Youth Council Addresses Serious Problems in Michigan

Sarah Schilling, Little Traverse Bay Bands of Odawa Indians, is one of five 2013 Champions for Change chosen by the Center for Native American Youth.

Sarah Schilling, of the Little Traverse Bay Bands of Odawa Indians, is one of five 2013 Champions for Change chosen by the Center for Native American Youth. The 18-year-old is a recent high school graduate from Charlevoix, Michigan who was inspired by her participation and the youth-based efforts at a National Congress of American Indians conference to create her tribes’ first youth council back in 2009.

To create the council, Schilling worked with the tribal council, her peers, and youth programs in the community to organize and create their own constitution, bylaws and a code of conduct. The youth council became affiliated with the United National Indian Tribal Youth (UNITY) organization.

Under Schilling’s leadership, the youth council has hosted youth retreats, talking circles and other events to address underage drinking prevention, anti-bullying and suicide prevention. As a junior advisor, she engages younger students and encourages them to make a positive transition into new leadership roles.

How old were you and how did you first get started and involved with your area of knowledge that Champions for Change has recognized you for?

I was 14 years old. I won an essay contest (through my tribes’ youth programs department) to go to the National Congress of American Indians Conference in Phoenix, Arizona. I attended NCAI's youth track and was inspired to start a youth council in my community.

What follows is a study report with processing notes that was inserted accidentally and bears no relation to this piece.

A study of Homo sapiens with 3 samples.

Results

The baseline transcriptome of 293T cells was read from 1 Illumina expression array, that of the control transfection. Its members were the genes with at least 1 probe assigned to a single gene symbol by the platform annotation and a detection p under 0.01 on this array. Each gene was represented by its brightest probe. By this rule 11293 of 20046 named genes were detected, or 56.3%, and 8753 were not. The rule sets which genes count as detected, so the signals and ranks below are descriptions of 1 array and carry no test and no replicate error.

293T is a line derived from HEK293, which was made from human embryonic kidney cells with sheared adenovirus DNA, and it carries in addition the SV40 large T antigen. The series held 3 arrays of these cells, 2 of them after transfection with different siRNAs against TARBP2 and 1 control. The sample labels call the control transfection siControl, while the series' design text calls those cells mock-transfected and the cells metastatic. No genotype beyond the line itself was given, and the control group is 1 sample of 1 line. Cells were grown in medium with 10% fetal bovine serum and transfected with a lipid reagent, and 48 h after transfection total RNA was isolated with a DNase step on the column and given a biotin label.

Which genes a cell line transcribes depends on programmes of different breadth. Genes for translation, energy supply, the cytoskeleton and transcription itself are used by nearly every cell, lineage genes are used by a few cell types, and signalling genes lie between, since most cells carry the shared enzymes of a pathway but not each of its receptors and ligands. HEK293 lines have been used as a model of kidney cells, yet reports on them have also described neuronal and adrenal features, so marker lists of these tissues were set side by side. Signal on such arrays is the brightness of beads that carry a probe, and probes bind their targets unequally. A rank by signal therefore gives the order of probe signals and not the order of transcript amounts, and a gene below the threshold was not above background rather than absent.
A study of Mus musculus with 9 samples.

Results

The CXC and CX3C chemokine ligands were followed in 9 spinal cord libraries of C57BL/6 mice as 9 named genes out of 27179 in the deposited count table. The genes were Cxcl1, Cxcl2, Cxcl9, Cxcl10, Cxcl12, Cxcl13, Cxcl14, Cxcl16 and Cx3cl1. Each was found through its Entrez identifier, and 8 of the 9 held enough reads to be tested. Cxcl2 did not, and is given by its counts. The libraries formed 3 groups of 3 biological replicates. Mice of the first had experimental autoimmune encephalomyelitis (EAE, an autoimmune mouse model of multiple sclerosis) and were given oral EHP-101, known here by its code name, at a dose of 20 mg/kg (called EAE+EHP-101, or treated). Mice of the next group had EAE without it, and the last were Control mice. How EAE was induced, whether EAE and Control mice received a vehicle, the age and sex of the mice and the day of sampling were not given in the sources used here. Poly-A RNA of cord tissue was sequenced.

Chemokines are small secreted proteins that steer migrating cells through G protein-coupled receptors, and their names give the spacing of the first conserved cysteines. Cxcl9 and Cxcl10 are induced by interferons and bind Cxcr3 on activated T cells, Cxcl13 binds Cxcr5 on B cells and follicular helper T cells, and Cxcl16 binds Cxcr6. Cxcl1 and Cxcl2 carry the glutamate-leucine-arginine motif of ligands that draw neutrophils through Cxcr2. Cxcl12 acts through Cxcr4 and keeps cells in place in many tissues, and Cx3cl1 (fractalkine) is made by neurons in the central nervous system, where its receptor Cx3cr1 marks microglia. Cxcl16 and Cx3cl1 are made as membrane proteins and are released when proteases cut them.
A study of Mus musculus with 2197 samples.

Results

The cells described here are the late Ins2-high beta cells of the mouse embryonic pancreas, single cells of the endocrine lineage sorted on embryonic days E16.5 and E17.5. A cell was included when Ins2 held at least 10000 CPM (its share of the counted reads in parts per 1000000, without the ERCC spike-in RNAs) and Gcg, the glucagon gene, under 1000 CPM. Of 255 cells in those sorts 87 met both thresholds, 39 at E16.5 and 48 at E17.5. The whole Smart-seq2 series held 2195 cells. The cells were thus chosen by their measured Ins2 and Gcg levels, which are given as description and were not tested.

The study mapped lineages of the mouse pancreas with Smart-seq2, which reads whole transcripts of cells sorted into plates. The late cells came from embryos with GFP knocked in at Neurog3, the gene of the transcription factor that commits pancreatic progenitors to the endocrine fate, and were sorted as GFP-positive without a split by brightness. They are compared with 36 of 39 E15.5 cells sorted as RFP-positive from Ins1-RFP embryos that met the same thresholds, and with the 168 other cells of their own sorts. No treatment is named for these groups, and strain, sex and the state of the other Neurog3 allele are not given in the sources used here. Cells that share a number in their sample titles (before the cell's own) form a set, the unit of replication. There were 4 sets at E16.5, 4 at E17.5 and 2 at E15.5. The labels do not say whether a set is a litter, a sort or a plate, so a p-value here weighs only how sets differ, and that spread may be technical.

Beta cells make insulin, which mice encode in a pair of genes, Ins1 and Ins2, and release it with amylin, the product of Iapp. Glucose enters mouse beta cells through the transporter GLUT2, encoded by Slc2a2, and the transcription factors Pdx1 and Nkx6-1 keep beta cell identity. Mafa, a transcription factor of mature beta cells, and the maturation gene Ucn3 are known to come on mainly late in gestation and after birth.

What is the secret to your success?

The secret to success of the youth council has been dedication. We all dedicate a part of our lives and ourselves to the success of the group. With a group mentality, everyone works toward one goal that affects us all.

How have your efforts helped your Native community?

We all come to the youth council to make a positive change in our community. We've held youth retreats on underage drinking and drug use as well as anti-bullying and suicide prevention that we named Rejuvenative. A word we defined as ‘Rejuvenating our Native nations through strengthening today's youth.’

These retreats have bridged the gap between social groups and brought the youth together. I think the best way to better our community is to strengthen our youth, and give them the opportunities and recourses to grow into strong youth leaders.

How does being Native affect how you view the world and what you are doing?

Being Native, my cultural teachings are always with me. I learned about the 7 grandfathers teaching at a young age: Wisdom, Love, Respect, Bravery, Honesty, Humility, and Truth. Tradition tells us we should consider the affect of our decisions on the 7th generation. I try to think of that, and hope I in some way positively affect the future generations.

Who has been your biggest influence?

I can't pinpoint one person who has influenced me more than others. I'm the youngest of seven children and have always looked up to my older siblings, and my mother who raised me as a single mom. Some of my mentors have been my tribes youth workers. Joseph Lucier who taught me that anything is possible and showed me that people can change. Kristy Dayson has taught me to step out of my comfort zone and go after what I want. Jeanie Norris has taught me how to believe in myself and others. Barry Bott has taught me that you always have people to support you even when it doesn't feel like it.